I love to race. It was tough at the beginning because I tried to beat other people. Once I realized that I couldn’t go any faster than I was able, it began to make a little more sense. If you are new to racing, you may find this “10 Things That Will Make You A Better Mountain Bike Racer” helpful.
- 1) Practice fixing a flat – You won’t need to do it very often, but when you do, you’ll be glad you know how. The best practice is to switch your tires – move your front tire to the back wheel and you’re back tire to the front wheel or buy a different set of tires and switch them on. Make sure you have plastic tire irons and new tubes. When you practice be sure you run your fingers along the inside of the tire to check for protrusions that would have caused a real flat. Try to make it an automatic process because when it happens during a race, don’t assume that you’ll be able to think clearly because your heart rate will be elevated. Considering hydrating during this time.
- 2) Train all types of terrain – hills, rocks, single / double track, if you’ll be riding it race day, make sure you know how to ride it.
- 3) Dedicate training time to hill climbing – probably the biggest bang for your training buck right here. If your races are 60 minutes, train hill climbing for 60 minutes once a week. Find a hill and just ride up and down focusing on seated spinning and standing climb. Mix it up because you’ll be using both during any race. Hills end 50 meters AFTER they level off so continue climbing effort until you find your top speed and then recover.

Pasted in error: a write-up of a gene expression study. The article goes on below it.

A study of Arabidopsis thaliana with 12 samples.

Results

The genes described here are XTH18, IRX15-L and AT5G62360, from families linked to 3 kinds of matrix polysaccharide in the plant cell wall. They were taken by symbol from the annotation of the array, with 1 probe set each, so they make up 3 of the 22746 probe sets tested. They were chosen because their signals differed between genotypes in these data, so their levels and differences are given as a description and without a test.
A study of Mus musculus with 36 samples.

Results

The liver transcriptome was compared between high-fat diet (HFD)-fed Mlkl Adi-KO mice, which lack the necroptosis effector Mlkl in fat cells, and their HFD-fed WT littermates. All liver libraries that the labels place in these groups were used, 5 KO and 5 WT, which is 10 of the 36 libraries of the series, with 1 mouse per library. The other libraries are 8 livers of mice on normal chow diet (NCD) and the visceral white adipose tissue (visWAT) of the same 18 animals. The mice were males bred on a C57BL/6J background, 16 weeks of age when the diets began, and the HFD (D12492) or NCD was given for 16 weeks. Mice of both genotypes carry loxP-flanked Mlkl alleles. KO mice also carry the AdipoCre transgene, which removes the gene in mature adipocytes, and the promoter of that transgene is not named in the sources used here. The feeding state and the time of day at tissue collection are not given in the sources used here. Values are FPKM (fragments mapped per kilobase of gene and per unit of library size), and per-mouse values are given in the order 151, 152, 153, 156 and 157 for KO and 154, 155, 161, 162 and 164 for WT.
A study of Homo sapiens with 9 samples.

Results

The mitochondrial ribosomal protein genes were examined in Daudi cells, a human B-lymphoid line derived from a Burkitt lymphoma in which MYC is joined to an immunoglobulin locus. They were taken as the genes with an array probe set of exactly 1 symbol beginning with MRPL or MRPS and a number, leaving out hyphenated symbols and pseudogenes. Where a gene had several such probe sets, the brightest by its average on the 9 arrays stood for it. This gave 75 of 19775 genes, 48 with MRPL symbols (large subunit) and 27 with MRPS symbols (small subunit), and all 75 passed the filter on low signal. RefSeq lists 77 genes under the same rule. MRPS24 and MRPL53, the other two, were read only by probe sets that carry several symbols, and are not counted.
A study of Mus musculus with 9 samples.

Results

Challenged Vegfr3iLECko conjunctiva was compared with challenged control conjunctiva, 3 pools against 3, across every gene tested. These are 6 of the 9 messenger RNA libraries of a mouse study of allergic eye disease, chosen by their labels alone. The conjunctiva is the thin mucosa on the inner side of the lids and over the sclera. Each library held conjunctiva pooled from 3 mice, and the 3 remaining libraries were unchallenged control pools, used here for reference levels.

- 4) Learn how to identify when your thinking abilities are being impaired by the intensity of your work. Racing effectively and safely demands that you keep your wits about you. There are countless studies demonstrating the relationship between elevated heart rate and cognitive impairments. Rates of between 160-170 are associated with tunnel vision, impaired judgment, and an inability to think logically and rationally. You need to learn how to avoid this, or at least, gain the ability to remain aware that your thinking is impaired. What seems like a good pass at 165 may actually have been a concussions.
For race day:
- 5) Make sure your cables will make it through the race. Losing rear derailer function or rear breaks makes for a tough race. Cables wear out, change them before they break. Change damaged cable housing while your at it.
- 6) Make sure your gears are tuned up. “Grind it till your find it” is what happens race day. I know this because I only see broken chains on race day. Bring it to the shop if you don’t know how to do it yourself. You want crisp and precise gear changes. You need it to stay in gear until you change it.
- 7) Race with an empty stomach or one containing liquid only. Until you find what works for you, try not to over eat. I need to avoid fat as much as possible because it takes me longer to digest it. I eat mostly low GI carbs and whey protein powder before races. These things clear my stomach quickly and if I need to get sick, they come up pretty effortlessly and without that burning acid.
- 8) Be well hydrated but freshly peed right before the race begins.
During the race:
- 9) Try to keep your heart rate in an effective range. Everyone has a sweet spot, a level of exertion that is their best. Try to find this as early in the race as you can and hold it. Your goal is to be close to spend at the end. A heart rate monitor will be very helpful to you here.
- 10) Assume that all of the other racers have tunnel vision from an elevated heart rate. State your intentions of other riders and, if they won’t call you round to pass, don’t yell back at them when they call you on your aggressive riding. They are tired and not thinking clearly so if you scared them, they are going to call you an a-hole. Most people will do what you tell them because they don’t want you behind them. If you hear a rider approaching you and you want them to pass, tell them when and point to the opening you are giving them. If someone lets you by, say thank you.